Mike Van Boom, Interfaith Network Animator at the Capital Region Interfaith Housing Initiative, reminisces about a Habitat for Humanity build, but it’s not the actual construction of the home that he remembers best. Rather, it’s the food brought to the kick-off and wrap-up, with participants bringing everything from kugul, to spring rolls to rice crispy squares and kebabs. There were even huge platters of food brought by some volunteers who couldn’t eat what was on them. as they were fasting for Ramadan.
The variety on the table reflected the diversity of those involved. For the past eight years, faith communities from across the city — including Jewish, Islam, Christian, Mormon, Unitarian, and Scientology to name a few — have come together to build homes for the homeless as part of the Interfaith Housing Initiative’s partnership with Habitat for Humanity.
In 2009, when the city rolled out its plan to end homelessness, explains Van Boom, faith communities came together and asked what they could do to help. Beyond building the homes, they also realized there was a need for community support, which they aim to provide through the program, Welcome Home with Housing First. Newly housed individuals are paired with existing community members, who provide them with friendship and a sense of belonging.
“When we’re talking about faith communities—we don’t all believe the same thing but we do all agree very broadly in the need to love and care for our neighbour, and that’s lots of common ground for us to work together on,” says Van Boom.
That common ground is integral, believes Netta Phillet, office coordinator for the Edmonton Interfaith Centre for Education and Action. But so is having open dialogues about all aspects of religion — even by critically looking at historically bad parts — with all members of the community who are not afraid to tackle tough issues, regardless of their beliefs. The centre is run through a board of volunteers from diverse backgrounds including Buddhist, Hindu, Jain, Jewish and Christian and others with a current Métis elder president.
Phillet says openness helps fight ignorance and prejudice while paving the way for community growth and togetherness. The centre hosts Lunch and Learn, featuring individuals from diverse faith groups speaking on topics of relevance to their religions. Meanwhile, members of the community can attend various religious services and learn some fundamentals of a different faith.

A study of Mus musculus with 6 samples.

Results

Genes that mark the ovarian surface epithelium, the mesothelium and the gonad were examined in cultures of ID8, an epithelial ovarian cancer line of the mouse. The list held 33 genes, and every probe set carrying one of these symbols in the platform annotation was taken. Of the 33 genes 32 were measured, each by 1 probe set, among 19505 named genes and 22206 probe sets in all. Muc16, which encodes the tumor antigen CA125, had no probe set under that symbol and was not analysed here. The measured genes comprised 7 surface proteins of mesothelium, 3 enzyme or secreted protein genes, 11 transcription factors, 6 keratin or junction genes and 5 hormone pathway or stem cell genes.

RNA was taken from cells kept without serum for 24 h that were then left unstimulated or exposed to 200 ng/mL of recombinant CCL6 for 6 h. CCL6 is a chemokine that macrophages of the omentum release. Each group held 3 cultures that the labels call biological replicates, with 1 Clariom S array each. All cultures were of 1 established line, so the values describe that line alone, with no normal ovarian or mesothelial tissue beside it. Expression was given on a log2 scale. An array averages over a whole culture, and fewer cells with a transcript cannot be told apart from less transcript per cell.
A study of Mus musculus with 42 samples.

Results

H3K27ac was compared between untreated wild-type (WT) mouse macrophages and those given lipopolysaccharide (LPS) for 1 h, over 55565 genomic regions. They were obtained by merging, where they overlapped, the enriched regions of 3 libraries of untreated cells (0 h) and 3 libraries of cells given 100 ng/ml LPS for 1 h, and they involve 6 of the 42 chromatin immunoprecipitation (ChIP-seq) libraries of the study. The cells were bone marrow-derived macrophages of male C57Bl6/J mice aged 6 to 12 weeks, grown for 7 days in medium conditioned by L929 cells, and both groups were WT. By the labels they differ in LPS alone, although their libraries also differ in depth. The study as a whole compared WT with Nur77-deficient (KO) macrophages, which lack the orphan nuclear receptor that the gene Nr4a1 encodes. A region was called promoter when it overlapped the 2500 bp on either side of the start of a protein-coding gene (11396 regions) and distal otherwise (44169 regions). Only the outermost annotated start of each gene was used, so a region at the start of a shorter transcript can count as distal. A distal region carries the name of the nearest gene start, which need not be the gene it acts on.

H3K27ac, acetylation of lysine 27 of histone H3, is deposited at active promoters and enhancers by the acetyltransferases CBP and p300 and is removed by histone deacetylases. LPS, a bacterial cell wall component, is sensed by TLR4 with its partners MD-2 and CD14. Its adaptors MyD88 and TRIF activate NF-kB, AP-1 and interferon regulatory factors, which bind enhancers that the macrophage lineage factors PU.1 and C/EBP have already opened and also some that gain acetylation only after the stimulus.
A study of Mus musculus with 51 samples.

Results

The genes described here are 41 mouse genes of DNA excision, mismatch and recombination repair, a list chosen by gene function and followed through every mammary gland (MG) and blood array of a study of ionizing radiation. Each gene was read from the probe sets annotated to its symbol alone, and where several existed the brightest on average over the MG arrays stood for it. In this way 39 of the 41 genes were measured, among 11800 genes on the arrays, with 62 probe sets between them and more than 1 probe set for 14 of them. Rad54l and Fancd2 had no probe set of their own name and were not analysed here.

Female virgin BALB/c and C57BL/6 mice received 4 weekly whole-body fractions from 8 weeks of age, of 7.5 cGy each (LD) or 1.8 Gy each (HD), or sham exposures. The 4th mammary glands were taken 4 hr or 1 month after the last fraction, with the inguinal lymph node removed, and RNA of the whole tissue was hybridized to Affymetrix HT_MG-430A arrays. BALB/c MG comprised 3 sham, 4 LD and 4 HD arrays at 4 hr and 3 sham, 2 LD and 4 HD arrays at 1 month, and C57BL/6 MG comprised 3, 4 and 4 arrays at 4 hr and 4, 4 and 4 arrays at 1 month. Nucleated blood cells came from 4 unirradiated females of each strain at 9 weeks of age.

Sol Rolingher, Honourary Chair of the Phoenix Multi-faith Society, believes Edmonton’s history is full of stories of interfaith harmony and friendship. And he has a collection of stories to prove it—a booklet published by the Phoenix Multi-faith Society, full of interactions between different faiths, which will now be part of the Edmonton Public School Boards social studies curriculum. He believes being proactive—the society has run programs called Walking Together whereby children and families could attend various religious services regardless of their background — is really key in fostering acceptance.
“Where you have a void of knowledge, something else will come and fill that void, and it may be misinformation. So, we feel very strongly about that,” says Phillet.
The Interfaith Housing Initiative starts the conversation early about affordable housing, and helps communities talk through their fears and ask questions. “We can all say: ‘people need homes, and can we give them real help, not just hand out sandwiches or put mats on the floor?’ But sometimes the resistance came when it’s in their neighbourhood. You want to put that on the corner of my park? My kids have to walk by that all the time on the way to school,” says Van Boom. But having an opportunity to meet someone who needs a home, to see their humanity and hear their story, prevents fear from dictating their response.
It’s much the same with people working together from different faith groups. “All our of members feel enriched by all the encounters they have, because it puts a face to a name,” says Phillet.